The theorem itself was expressed as a commuting hypercube, one of the Niah's favorite forms. You could think of a square with four different sets of mathematical objects associated with each of its corners, and a way of mapping one set into another associated with each edge of the square. If the maps commuted, then going across the top of the square, then down, had exactly the same effect as going down the left edge of
the square, then across: either way, you mapped each element from the top-left set into the same element of the bottom-right set. A similar kind of result might hold for sets and maps that could naturally be placed at the corners and edges of a cube, or a hypercube of any dimension. It was also possible for the square faces in these structures to stand for relationships that held between the maps between sets, and for cubes to describe relationships between those relationships, and so on.
That a theorem took this form didn't guarantee its importance; it was easy to cook up trivial examples of sets and maps that commuted. The Niah didn't carve trivia into their timeless ceramic, though, and this theorem was no exception. The seven-dimensional commuting hypercube established a dazzlingly elegant correspondence between seven distinct, major branches of Niah mathematics, intertwining their most important concepts into a uniﬁed whole. It was a result Joan had never seen before: no mathematician anywhere in the Amalgam, or in any ancestral culture she had studied, had reached the same insight.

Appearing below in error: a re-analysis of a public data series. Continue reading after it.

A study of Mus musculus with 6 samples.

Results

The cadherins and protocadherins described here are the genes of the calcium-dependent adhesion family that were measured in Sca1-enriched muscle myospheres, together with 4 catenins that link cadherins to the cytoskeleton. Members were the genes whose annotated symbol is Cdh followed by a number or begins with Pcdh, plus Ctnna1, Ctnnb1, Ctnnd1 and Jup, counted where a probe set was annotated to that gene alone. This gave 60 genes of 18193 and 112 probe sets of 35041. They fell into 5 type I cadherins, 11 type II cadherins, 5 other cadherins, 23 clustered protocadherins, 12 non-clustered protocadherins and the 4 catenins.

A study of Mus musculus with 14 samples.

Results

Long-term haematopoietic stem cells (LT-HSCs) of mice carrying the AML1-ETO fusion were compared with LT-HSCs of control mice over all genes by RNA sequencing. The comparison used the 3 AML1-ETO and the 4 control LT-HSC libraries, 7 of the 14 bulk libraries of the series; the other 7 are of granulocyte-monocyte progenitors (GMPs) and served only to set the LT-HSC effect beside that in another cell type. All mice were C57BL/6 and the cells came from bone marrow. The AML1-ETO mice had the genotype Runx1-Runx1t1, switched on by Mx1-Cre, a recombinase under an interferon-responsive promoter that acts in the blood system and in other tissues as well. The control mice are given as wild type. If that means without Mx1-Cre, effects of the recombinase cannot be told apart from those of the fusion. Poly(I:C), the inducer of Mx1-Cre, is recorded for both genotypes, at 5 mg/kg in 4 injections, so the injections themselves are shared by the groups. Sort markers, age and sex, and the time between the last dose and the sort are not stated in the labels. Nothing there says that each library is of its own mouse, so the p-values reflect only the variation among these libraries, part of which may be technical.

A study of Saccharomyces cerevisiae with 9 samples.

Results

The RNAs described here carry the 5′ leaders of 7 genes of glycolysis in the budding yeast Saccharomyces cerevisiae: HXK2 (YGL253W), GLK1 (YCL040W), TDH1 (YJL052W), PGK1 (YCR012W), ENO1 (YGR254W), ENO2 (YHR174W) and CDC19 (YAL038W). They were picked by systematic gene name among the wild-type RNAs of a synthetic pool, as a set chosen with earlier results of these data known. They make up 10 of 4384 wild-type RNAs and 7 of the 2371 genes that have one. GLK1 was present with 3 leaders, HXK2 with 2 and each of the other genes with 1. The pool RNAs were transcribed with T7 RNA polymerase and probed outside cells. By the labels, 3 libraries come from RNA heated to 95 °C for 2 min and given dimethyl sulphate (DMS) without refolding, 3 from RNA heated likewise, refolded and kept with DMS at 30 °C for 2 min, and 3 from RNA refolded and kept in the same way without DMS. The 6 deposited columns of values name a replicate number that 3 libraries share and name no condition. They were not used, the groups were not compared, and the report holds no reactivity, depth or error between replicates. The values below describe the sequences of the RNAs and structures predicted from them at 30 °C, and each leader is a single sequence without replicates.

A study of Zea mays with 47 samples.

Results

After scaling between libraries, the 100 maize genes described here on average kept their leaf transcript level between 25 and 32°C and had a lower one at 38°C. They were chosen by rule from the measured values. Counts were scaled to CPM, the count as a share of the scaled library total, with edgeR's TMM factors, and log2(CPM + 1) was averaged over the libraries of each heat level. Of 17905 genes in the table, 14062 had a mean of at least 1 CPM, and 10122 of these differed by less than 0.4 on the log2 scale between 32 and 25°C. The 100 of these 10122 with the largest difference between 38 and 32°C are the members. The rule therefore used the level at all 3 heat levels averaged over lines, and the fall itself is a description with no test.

Last week I delivered a keynote at AOSD, on Well-typed programs can't be blamed. It was a marvelous opportunity to learn more about aspects, and more about Brussels.
The photo shows me with Gary Leavens atop the Musical Instruments Museum. You wander around wearing a headset, and when you stand next to an instrument you can hear it play. Someday soon, our whole world will be augmented in this way; but you won't need a specially supplied headset, you'll use your phone. One pleasure of my trip was to meet Wolfgang De Meuter and Tom Van Cutsem, whose Ambient Oriented Programming is aimed at just such applications.
People I enjoyed meeting include Dean Wampler, Eric Eide, Curt Clifton,
Emilia Katz, Maja D'Hondt, and Ellie D'Hondt. Ellie works in quantum computation, and told me (rather to my surprise) that monads have an application there. She had once read one of my papers on monads, but found it too difficult. This cheered me up, since I feel the same when I try to read about quantum computation.
If you use Lisp and disdain Haskell, or vice versa, you'll want to read this brilliant Orwellian strip by Conrad Barski. Spotted by Ehud Lamm at Lambda the Ultimate. Thanks Conrad! Thanks Ehud!